COMPARATIVE ANALYSIS OF THE BOOK, THE SECRET RIVER AND THE FILM, RABBIT PROOF FENCE
Besides having various features in common, the book The Secret River by Kate Grenville and the film Rabbit-Proof Fence (2002) by Phillip Noyce have a vast number of differences. The film shows the benefit of the country, belonging, and family to the Aboriginal people and offers the viewers with an account of the division between the Aboriginals and the Europeans. On the other hand, the book is about convict settlement. It explores the things that could have occurred when the Europeans tried to settle on the land that the Aboriginals had already settled in. Various elements can be focused to analyze how the two pieces are similar and how different they are. One of the items is language. The two uses different language features in that one is text while the other one is a film. However, there are various language features similar to the movie and the book. The other key feature that can be used to focus the comparative analysis between the two is stylistic features where the two shows various resemblances and disparities. Lastly, the last key feature to focus on is conventions. This essay will, therefore, give an account of the way these two works show similarities and differences concentrating on three key features; language features, stylistic features, and conventions. It will analyze each of these key features and how Grenville and Noyce use it in their pieces to bring about the meaning in their respective works, how they influence the audience and the way they are effective in setting up and delivering the targeted message to the audience.
There are differences and similarities between the language features between the two pieces. A major similarity evident in the two pieces is the use of figurative language. The authors have greatly employed figurative language not only to build on characters, plots, and themes but also to influence the audience and how they perceive different scenes. One of the figures used in both texts is symbolism. The rabbit-proof fence is a symbol and Noyce uses it to build on the plot of the film. It runs from Northern Australia to South West, and its purpose was to keep the rabbits out of the farmland. It is symbolic since when it was built, it was meant for keeping the Aboriginals in one place. The rabbits (whose movements are restricted) symbolizes the Aboriginals, and the spirit bird (which has the freedom to fly to any place they wish) symbolizes the Europeans. The fence is, therefore, a symbol of the division between the Europeans and the Aboriginals. The girls are filmed frightened like trapped rabbits, and this shows the effectiveness of this figure in passing the message. Similarly, Grenville uses symbols throughout the book to convey the message. An example of a symbol used in the book is the gun which symbolizes safety or insurance policy. “He had thought that having a gun would make him feel safe. Why did it not?” (p. 184). The spears used by the Aboriginals were much deadlier than the guns because it took time to load them but Thornhill tells Sal that the gun is meant to scare the Aboriginals. Additionally, Cobham Hall is a representation of the prosperity of Thornhill in New South Wales.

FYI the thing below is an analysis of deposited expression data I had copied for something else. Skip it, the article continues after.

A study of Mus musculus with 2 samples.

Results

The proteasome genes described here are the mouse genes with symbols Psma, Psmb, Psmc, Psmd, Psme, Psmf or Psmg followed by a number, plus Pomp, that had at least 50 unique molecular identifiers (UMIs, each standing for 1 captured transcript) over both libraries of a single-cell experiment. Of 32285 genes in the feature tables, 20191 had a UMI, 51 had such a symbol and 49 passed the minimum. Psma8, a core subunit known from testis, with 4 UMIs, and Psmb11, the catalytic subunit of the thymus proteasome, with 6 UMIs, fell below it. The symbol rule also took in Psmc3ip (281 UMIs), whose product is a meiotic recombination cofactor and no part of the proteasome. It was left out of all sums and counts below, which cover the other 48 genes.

The two pieces show similarities and differences regarding the stylistic features used in both for different purposes and at various scenes. The two pieces use the third person point of view in their narrations, told by omniscient narrators. The use of the third person in expressing the ideas of the stories is successful in that it presents the Europeans as “the people” while Aboriginals are seen as “the others.” This standpoint convinces the audience of the position of the Aboriginals. Though Grenville explains the story from a third-person viewpoint, the story is fully voiced from the viewpoint of Thornhill. The storyteller has unhampered access to Thornhill’s thoughts. She uses such words as “He knew . . . He saw . . . He remembered,” and so on. Much of the story is in the form of free indirect style, which adopts the speech as well as thoughts of the character himself. Even when the narrative does not directly report the mind of Thornbill, the kit uses his idioms. On the contrary, Noyce uses different camera positions to show the then position of the Aboriginals in the Australian society. The movie’s most fascinating figure is certainly Neville. Particularly, he is introduced with a crowd of dizzying Dutch angles and daunting low shots. While the film comes to an end at the final frames, the audience peer t him from above which renders him ridiculous, and small, though undefeated. All in all, his rules would stay for many more years later.
Grenville, K., 2007. Searching for the secret river. Canongate Books.
Rabbit-Proof Fence, 2002. Directed by Phillip Noyce., Australia. Retrieved from https://www.youtube.com/watch?v=mNbPPVetLCw&index=9&list=PLyDEADSO7olYzG60JxbmUYRFahbzpNPce.